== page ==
495th played so far


Genre: Role-Playing
Platform: Game Boy Advance
Year of Release: 2001
Developer: Camelot Software Planning
Publisher: Nintendo

How often can you play a game before you really know it? I’ve played Golden Sun several times before and although I haven’t memorized all details even now, only on this most recent playthrough did I learn about the monster’s abilities and stats. How elemental stats differ per monster and aren’t just simple multipliers, for example. How item drops are complicated. All that sort of stuff.

It happens in a lot of RPGs, but Golden Sun gripped me more somehow than so many others. Maybe it’s because it’s one of my first JRPGs, or perhaps more has happened. It’s certainly something I could try to unwrap.

Our Thoughts

The bright and anime-esque graphics certainly help draw you into the game. I don’t think they’re often listed as a high point of the game, but the game looks lovely, especially with some gorgeous background art that was great to watch on its own.

The story itself, though starting off as fairly standard “save the world” plot, is greatly enhanced by the world. The basic idea of alchemy of a living force, released in part at the start of the game, is fairly in depth and ties into proceedings really well. More importantly, the game mechanics tie into this set up, with several gameplay elements being based not just on this division, but also being explained by the story events.

The problem with the story is that it isn’t finished. The game’s story ends halfway through, and is continued in the sequel Golden Sun The Lost Age, together with some additional bonus content. It’s supposedly due to some constraints, but feels a bit wrong.

The charming characters help. Aside from the silent protagonist (switching roles between series) the characters all see quite a bit of development, and even the protagonists see a bit of it. There’s some railroading going on there, with other characters saying how you responded, but some otherwise non-meaningful yes/no responses allow you to add a bit of personality.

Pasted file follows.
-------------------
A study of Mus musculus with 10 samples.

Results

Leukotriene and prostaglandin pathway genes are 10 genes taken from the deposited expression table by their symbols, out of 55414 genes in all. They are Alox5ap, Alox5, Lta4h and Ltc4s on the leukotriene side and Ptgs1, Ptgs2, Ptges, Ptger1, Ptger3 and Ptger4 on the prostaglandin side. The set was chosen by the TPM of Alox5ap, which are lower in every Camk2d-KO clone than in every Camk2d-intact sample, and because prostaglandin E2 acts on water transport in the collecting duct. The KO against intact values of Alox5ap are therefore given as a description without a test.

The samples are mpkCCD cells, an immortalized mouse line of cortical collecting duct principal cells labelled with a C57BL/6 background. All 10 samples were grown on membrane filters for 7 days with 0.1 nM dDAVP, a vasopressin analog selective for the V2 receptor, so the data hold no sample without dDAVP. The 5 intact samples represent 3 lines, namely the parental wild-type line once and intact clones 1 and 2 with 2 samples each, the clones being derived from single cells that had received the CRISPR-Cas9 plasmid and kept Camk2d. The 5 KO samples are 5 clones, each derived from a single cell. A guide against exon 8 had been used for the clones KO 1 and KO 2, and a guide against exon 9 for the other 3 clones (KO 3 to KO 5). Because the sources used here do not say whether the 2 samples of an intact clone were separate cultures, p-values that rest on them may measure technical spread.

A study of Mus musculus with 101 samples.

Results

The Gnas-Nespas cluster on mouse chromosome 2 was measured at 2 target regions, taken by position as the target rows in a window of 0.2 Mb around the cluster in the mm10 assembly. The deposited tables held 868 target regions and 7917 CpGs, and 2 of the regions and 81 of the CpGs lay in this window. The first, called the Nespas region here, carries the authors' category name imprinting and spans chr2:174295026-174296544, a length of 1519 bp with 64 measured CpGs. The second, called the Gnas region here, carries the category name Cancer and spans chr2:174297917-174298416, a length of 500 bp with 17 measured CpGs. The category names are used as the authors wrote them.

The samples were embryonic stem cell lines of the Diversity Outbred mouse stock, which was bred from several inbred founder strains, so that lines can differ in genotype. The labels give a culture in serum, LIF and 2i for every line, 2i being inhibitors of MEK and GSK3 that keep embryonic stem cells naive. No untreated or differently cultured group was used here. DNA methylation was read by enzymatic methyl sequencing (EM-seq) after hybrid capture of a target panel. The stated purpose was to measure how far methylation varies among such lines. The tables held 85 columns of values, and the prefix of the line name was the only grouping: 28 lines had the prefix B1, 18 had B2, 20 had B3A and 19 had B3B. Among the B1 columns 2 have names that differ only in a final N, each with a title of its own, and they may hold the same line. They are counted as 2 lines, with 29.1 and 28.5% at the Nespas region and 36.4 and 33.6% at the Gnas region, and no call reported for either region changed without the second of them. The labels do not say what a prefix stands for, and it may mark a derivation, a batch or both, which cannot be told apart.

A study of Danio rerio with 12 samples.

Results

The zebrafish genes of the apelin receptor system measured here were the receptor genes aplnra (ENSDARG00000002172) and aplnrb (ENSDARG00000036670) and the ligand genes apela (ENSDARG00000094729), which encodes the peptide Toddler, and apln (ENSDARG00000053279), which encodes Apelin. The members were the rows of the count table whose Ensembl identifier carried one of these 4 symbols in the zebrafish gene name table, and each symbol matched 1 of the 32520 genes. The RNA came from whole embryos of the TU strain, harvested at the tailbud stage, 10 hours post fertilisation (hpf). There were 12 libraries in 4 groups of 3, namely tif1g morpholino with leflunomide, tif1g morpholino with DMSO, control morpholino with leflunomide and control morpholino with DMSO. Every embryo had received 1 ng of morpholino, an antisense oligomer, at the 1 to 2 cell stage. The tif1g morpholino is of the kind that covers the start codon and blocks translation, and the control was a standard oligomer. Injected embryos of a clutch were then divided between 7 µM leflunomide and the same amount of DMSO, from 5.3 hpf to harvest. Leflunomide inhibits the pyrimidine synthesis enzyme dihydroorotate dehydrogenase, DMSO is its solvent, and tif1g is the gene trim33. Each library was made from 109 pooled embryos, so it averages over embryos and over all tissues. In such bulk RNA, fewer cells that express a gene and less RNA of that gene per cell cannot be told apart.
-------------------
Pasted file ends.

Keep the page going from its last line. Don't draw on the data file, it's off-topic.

Combat is partially standard turn based stuff, with magic called psyenergy. The real difference comes in through djinn. Small creatures released at the start of the story, you collect them as you play through the game. While nominally giving you stat boosts – especially notable when you stick to each character’s default element – equipping djinn of different elements changes your character’s class and adding new abilities – your physical attacker may gain additional healing, or your main spellcaster gets more defensive power. This also changes the spells you have access to, and in one case even adds a required field abilities. Djinn can also be used in battle, each having a more powerful ability, but lowering your stats and possibly changing your class again. When used, they can be used for the most powerful summons as well, giving you an interesting trade off between general strength and single large attacks

The field abilities are the other interesting part of the system. Not only does your psyenergy have an effect in battle, but they can also manipulate objects in the environment. Starting off by moving things, later you can put out or light fires, create platforms by freezing puddles of water and more. In part they add barriers to progression, but more often they add puzzles for optional objectives, getting you access to djinn and powerful items. It’s a pretty fun way to play, encouraging further backtracking and making what would be simple dungeons otherwise a lot more interesting by encouraging you to explore further.

Final Thoughts

Golden Sun is a decent JRPG, with a pretty good story, but for me lifted by the world and sheer amount of exploration it encourages through its different abilities. Sure, you’d want to pick up both games now to make sure you can finish the story (with an onerous save transfer system), but at least it plays well once you do. Absolutely a game worth sinking your teeth into.